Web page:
SUMMARY: Intel goes massive to control Prescot’s heat.
One of our readers in Intel’s Advanced Thermal Design Division took a chance and sent me a pre-production copy of Intel’s latest Prescot Retail heatsink. As many of our readers know, the Prescot runs very hot under “normal” conditions. Intel’s latest answer does not lack for weight – it weighs a mind-boggling 3.8 pounds, most accounted for by the copper base:
The base measures 1½” x 2½” and by itself weighs in at 3.18 pounds. The aluminum fin assembly is flow-soldered to the copper base after a thin nickel coating is plated onto the aluminum fin assembly.
Intel believes that for most users, the massive copper base will absorb enough heat during normal¹ use such that the buffering effect of the base will effectively moderate CPU heat.
The fan is an 80 x 38 mm rated at 213 cfm at 8500 rpm:
It features vanes in the base to straighten air flow. To moderate noise, the fan includes a thermistor mounted to the heatsink’s base; under non-stressed use², the fan turns 2000 rpm and is almost noiseless.
The mounting system is for on-board mounting and includes a backing plate and spring loaded bolts:
In this version, mounting pressure is spec’d at 238 pounds – Intel recommends using a valve-spring compression tool to de-tension the springs for mounting.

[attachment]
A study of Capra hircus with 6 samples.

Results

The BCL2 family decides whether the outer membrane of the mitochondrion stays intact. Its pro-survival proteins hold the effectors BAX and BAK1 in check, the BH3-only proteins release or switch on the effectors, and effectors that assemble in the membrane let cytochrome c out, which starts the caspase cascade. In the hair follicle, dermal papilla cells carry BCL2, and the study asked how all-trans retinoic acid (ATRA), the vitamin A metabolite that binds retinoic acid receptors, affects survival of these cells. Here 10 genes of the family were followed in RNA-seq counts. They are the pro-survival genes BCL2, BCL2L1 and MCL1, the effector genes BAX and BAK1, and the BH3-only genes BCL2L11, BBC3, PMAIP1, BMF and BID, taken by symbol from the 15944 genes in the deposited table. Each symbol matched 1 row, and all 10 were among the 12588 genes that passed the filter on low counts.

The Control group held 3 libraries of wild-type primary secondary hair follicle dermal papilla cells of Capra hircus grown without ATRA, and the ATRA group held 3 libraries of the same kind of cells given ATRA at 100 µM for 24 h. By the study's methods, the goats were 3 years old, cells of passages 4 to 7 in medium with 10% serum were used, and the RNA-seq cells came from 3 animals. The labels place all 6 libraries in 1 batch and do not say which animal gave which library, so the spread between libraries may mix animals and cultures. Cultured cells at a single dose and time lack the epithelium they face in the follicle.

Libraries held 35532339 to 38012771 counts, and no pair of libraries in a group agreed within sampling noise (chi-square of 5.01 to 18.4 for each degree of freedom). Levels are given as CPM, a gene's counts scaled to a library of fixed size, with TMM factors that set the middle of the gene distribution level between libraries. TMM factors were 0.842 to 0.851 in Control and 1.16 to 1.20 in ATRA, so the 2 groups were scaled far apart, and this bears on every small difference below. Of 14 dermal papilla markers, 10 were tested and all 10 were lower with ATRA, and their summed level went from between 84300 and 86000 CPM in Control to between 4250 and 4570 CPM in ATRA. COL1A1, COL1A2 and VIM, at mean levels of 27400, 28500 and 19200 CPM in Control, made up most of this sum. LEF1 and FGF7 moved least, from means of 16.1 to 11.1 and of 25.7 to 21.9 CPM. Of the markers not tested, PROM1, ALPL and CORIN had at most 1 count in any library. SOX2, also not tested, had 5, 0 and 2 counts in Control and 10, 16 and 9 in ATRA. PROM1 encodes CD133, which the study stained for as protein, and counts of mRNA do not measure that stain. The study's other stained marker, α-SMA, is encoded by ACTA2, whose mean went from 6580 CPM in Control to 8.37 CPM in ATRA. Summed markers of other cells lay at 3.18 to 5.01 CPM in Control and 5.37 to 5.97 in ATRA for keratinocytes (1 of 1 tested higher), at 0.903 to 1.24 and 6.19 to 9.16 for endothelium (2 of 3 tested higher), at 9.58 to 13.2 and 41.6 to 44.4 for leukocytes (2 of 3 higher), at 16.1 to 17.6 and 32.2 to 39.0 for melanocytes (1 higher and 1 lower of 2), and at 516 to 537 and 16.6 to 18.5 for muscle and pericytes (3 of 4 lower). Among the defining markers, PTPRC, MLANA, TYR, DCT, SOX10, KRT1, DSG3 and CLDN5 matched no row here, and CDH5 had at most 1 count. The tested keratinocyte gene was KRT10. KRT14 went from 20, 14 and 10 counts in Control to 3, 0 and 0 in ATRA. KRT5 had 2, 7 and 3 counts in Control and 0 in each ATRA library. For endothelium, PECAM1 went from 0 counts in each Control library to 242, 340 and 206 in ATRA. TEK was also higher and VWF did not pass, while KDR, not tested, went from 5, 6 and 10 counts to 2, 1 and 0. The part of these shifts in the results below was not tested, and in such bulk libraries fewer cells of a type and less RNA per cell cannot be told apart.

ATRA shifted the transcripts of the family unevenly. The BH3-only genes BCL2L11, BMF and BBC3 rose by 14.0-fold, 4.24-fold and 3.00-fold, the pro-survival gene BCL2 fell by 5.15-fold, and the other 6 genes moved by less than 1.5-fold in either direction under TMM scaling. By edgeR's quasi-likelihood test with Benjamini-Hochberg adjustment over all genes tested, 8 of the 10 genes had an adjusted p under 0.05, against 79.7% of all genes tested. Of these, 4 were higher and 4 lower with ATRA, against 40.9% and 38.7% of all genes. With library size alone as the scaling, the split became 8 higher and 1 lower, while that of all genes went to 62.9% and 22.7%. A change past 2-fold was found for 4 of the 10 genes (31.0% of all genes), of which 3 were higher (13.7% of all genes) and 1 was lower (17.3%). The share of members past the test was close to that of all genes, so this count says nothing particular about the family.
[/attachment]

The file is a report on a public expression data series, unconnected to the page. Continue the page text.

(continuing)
Intel includes this in the Retail Upgrade Package:
The Prescot Retail was tested on an Acorp 4S845A motherboard with a modified P4 1500 to read CPU case temps. I varied rpms to give a range so users can match performance to noise tolerance.
CPU Case Temp
|Acorp 4S845A, 8538 rpm, 103 dBA|
|Acorp 4S845A, 7503 rpm, 92 dBA|
|Acorp 4S845A, 6003 rpm, 78 dBA|
|Acorp 4S845A, 4012 rpm, 62 dBA|
|Acorp 4S845A, 2001 rpm, 43 dBA|
Die Simulator results place the Prescot Retail heatsink, at an ear-splitting 8538 rpm, in the topmost rank of P4 heatsinks tested to date (Heatsink Ranking).
Intel’s skunk works has developed an interesting answer to Prescot’s heat profile, although users are warned that there is a potential for long-lasting damage to hearing; in fact, Intel plans to include health warnings on the heatsink’s packaging to comply with relevant OSHA standards.
¹Intel defines “normal use” as “…user activity states as expressed during REM cycles.”
²Intel defines “non-stressed use” as “…conditional states during which Vcore is 0.”